I was up early on Sunday to speak at the start of the annual Worcester Race For Life event, starting at Pitchcroft. What a well organised event, with well over 3,000 participants helping to raise a target of £199,000.
Jill and I were transported to the finishing line, where we distributed medals and congratulated the runners.
Later at the Chateau Impney hotel in Droitwich we attended the annual Worcestershire Army Cadet League lunch. We learnt a great deal about this movement, which plays a valuable role in engaging with young people.
On Monday I welcomed a visit from the Rotary Club of Worcester South with French visitors from London. This was a part of an annual twinning trip with visitors each year enjoying the city’s historic buildings.
At 12 noon we raised the Armed Forces Day flag in the Guildhall forecourt. Afterwards, I enjoyed a chance to chat with some of the veterans over a cup of coffee. Briefings for the following night’s council meeting followed, then a chance to meet and discuss flower arrangements for the annual banquet in July.
I met Helen King on Tuesday to learn about plans for the Worcester Music Festival in August. Later, I signed the official pledge as Worcester became one of the first UK Heart Cities. Meeting representatives from the British Heart Foundation gave me an opportunity to learn about the preventative measures that the city can help provide.
That afternoon we welcomed HRH the Duke of York for his visit to the Worcestershire Training Association HQ in Barbourne. It was great to meet young apprentices and to witness the training that is taking place. If only some more companies could engage in the training and development of our young people.
I chaired the full council meeting in the evening, discussing among other things a policy on social media and the IT needs of councillors. The world has changed so much in my 35 years’ experience as councillor and almost 50% of my communication with constituents relies on IT.
The city’s Homecoming and Freedom parade took place on Wednesday. What an experience to join others in taking the salute and to talk to the soldiers and many visitors. I believe this was a tribute to Worcester, with so many members of the public turning out and expressing their spontaneous support.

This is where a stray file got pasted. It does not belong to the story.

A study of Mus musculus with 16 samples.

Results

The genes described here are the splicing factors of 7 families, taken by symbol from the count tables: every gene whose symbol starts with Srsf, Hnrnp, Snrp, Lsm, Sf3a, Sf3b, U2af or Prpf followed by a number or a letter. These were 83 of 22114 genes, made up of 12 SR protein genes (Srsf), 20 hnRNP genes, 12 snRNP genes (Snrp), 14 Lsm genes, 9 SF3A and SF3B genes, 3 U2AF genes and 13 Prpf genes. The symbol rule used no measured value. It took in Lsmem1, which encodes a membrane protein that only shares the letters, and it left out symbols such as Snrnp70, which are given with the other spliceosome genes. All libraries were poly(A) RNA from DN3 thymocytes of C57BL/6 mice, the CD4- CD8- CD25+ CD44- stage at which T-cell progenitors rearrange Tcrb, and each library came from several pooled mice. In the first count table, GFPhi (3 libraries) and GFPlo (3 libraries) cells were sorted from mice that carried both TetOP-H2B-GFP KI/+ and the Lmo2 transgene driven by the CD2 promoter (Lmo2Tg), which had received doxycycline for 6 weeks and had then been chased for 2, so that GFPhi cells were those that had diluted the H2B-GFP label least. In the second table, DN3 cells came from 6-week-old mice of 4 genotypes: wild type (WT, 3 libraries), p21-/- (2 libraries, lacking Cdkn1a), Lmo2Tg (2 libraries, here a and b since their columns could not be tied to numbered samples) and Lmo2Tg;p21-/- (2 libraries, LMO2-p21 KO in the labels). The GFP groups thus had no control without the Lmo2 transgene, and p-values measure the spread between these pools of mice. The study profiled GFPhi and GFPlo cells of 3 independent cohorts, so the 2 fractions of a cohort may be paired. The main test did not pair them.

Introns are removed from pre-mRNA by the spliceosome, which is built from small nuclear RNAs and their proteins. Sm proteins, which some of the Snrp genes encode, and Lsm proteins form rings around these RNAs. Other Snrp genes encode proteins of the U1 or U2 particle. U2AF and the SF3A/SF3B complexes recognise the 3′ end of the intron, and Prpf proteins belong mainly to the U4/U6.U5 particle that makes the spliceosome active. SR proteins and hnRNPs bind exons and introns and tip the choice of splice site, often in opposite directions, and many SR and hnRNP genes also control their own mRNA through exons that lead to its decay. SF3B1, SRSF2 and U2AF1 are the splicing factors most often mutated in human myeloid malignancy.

It was a great opportunity to engage with the army and we were pleased to receive mementos of the event to add to the city’s collection.
In the afternoon I attended a board meeting of Worcester Community Trust, which is doing so much to support areas in the city.
The evening brought a visit to an exhibition of work by art and design students at Worcester Sixth Form College in Spetchley Road. The standard of the work is incredibly demanding.
I paid a visit to the delightful village of Elmley Castle on Thursday, to the home of the new High Sheriff, Penelope Lewis. We enjoyed afternoon tea in a lovely setting.
On Friday, we attended the funeral of John Davenport, the husband of the chair of the city standard committee, Mrs Christine Davenport. It was an emotional event with a lovely choice of music and readings; an excellent tribute to a delightful person.
We opened the Community Fun Day at the King George V Playing Fields on Saturday. This excellent venue boasts some of the best football pitches in the city, which are maintained to a high degree. There were a wide variety of activities and stalls to enjoy.
Later I attended, with John Everest, the Act 1 Theatre Company showcase, sponsored by the sixth form of Tudor Grange Academy. The standard of performing arts is high, with many of the sixth form going on to further studies in full-time education. This will be the last production before the school moves to its new purpose-built theatre in the autumn.